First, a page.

Weekly Wire
Nashville Scene System Wars

A long time ago on a desktop far, far away

By James Hanback Jr.

MARCH 1, 1999:  In the early 1980s, passersby at Apple Computer's headquarters may have looked up to see a black Jolly Roger pirate flag fluttering in an early morning California breeze. It was the Macintosh development team's way of saying to the world, "Hey, we're doing something different in here." The Mac generated a frenzy of loyal followers that continues even to this day.

They considered themselves renegades, rebels, and outcasts--the alternative to the great Big Blue and Microsoft team.

Nowadays, Microsoft has taken IBM's place as the "evil empire" of the computer industry, and a newer, small, but growing band of rebels has taken up the cause of consumer choice. This time, it's not the Mac fanatics who are leading this charge of consumer advocacy. These disciples of a different OS follow the likes of Tux the Linux Penguin or the FreeBSD Daemon.

They are the users of alternative PC operating systems. Most of them use Intel-type processor PCs that came with Microsoft Windows as the pre-installed OS. And they're demanding their money back. Their reason: "Why should we pay for an operating system we don't use?"

On Feb. 15, a large group of mainly Linux users converged on Microsoft's Foster City, Calif., offices, carrying unused copies of Windows that shipped with their PCs, and asking for refunds, as they say is laid out in the Windows End User License Agreement (a sample of which is available at http://www.linuxmall.com/refund).

Microsoft refused the refund requests, informing the Linux users that they must talk with their hardware manufacturers about that. The confrontation between Microsoft and the protestors, according to varying news sources, was calm and polite.

Perhaps partly symbolizing the "small band of rebels versus the evil empire" theme, as well as the open source code movement's motto "Use the Source," one of the organizers of the group of Linux users arrived at the event dressed as Obi-Wan Kenobi from Star Wars.

For years, operating system manufacturers have complained that Microsoft holds an unfair monopoly over the makers of Intel-type computer hardware. Most PCs (some estimate about 85-90 percent) on the market today come with some version of Microsoft's Windows pre-installed, and critics have alleged that Microsoft strong-arms hardware vendors into shutting out other operating systems.

Microsoft spokespeople maintain that the company does not force users to purchase its software, that people simply choose Windows over other operating systems. Linux users point out that Microsoft's dealings with hardware vendors make choosing another OS too difficult, although some vendors are now offering Linux systems. (IBM is the latest to join the groundswell of support for the Linux OS. Starting next month it will bundle Linux on some PCs and will develop its own version for its RS/6000 servers).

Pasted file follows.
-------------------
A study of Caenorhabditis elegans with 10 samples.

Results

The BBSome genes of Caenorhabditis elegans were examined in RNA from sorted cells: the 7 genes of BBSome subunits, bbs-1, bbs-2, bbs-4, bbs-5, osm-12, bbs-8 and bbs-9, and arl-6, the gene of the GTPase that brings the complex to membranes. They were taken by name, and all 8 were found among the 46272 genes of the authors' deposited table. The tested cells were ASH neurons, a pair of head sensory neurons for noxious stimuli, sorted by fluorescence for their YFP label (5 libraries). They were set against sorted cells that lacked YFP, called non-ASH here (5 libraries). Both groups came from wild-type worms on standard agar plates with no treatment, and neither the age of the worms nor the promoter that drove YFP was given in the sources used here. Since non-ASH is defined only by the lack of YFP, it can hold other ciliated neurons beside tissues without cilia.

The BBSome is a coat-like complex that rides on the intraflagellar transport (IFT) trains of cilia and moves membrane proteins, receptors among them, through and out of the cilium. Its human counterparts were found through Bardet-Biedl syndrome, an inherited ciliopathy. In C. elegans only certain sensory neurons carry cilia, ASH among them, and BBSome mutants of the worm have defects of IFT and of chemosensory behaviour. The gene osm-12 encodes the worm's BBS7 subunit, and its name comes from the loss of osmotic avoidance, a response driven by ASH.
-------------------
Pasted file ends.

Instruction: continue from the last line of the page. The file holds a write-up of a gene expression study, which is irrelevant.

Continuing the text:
The Windows Refund Center was created after a Linux user asked Toshiba for a refund for the unused Windows software that came with his laptop. The story circulated through technology-oriented Web sites, and the organization was formed.

Upon contacting Microsoft, users were reportedly informed that they must contact their hardware vendors to discuss a refund for pre-installed software. Upon contacting several different hardware vendors, however, users said they were given various responses, none of which were, "Yes, we'll send you a refund."

The Windows Refund Effort's leaders have said that they hope to be a catalyst for change in the way Microsoft deals with original equipment manufacturers (OEMs), as well as a voice for users who prefer non-Microsoft products.

According to the CNET article the day after the event, the Windows Refund Day movement has disbanded, but the protestors are investigating other options, like taking Microsoft to small claims court.

Kill all the (non) lawyers

WWTN-FM radio talk show host Darrell Ankarlo recently reported that a Texas judge has suggested banning software like Parsons Technology's Quicken Family Lawyer in that state because it allows people a do-it-yourself method for preparing legal documents, like estate planning and pre-nuptial agreements.

Reportedly, U.S. District Judge Barefoot Sanders said that the use of materials in Quicken Family Lawyer by unlicensed people amounted to "unauthorized practice of law."

Ankarlo, after evaluating Quicken Family Lawyer '99 on the air, concluded along with a majority of his callers that individuals should have the right to complete and make use of the legal documents inside the software without hiring an attorney.

A new generation?

The Intel Pentium III processor is scheduled for release Feb. 26. The chip is controversial because of new "e-commerce security" measures which will broadcast a unique serial number to Web sites users visit.

Intel said the serial number would assist e-commerce sites in detecting fraud, while computer privacy groups contend that the processor's new technology would also allow those sites to track what other sites Net surfers have been visiting. The feature can be enabled or disabled by the user. Critics say that is not enough, and are attempting to widen a boycott on the Pentium III.

The chip is also debuting to slightly mixed reviews from those in the industry. The majority of its features differ little from the Pentium II, although the Pentium III requires less power and has better support for multimedia.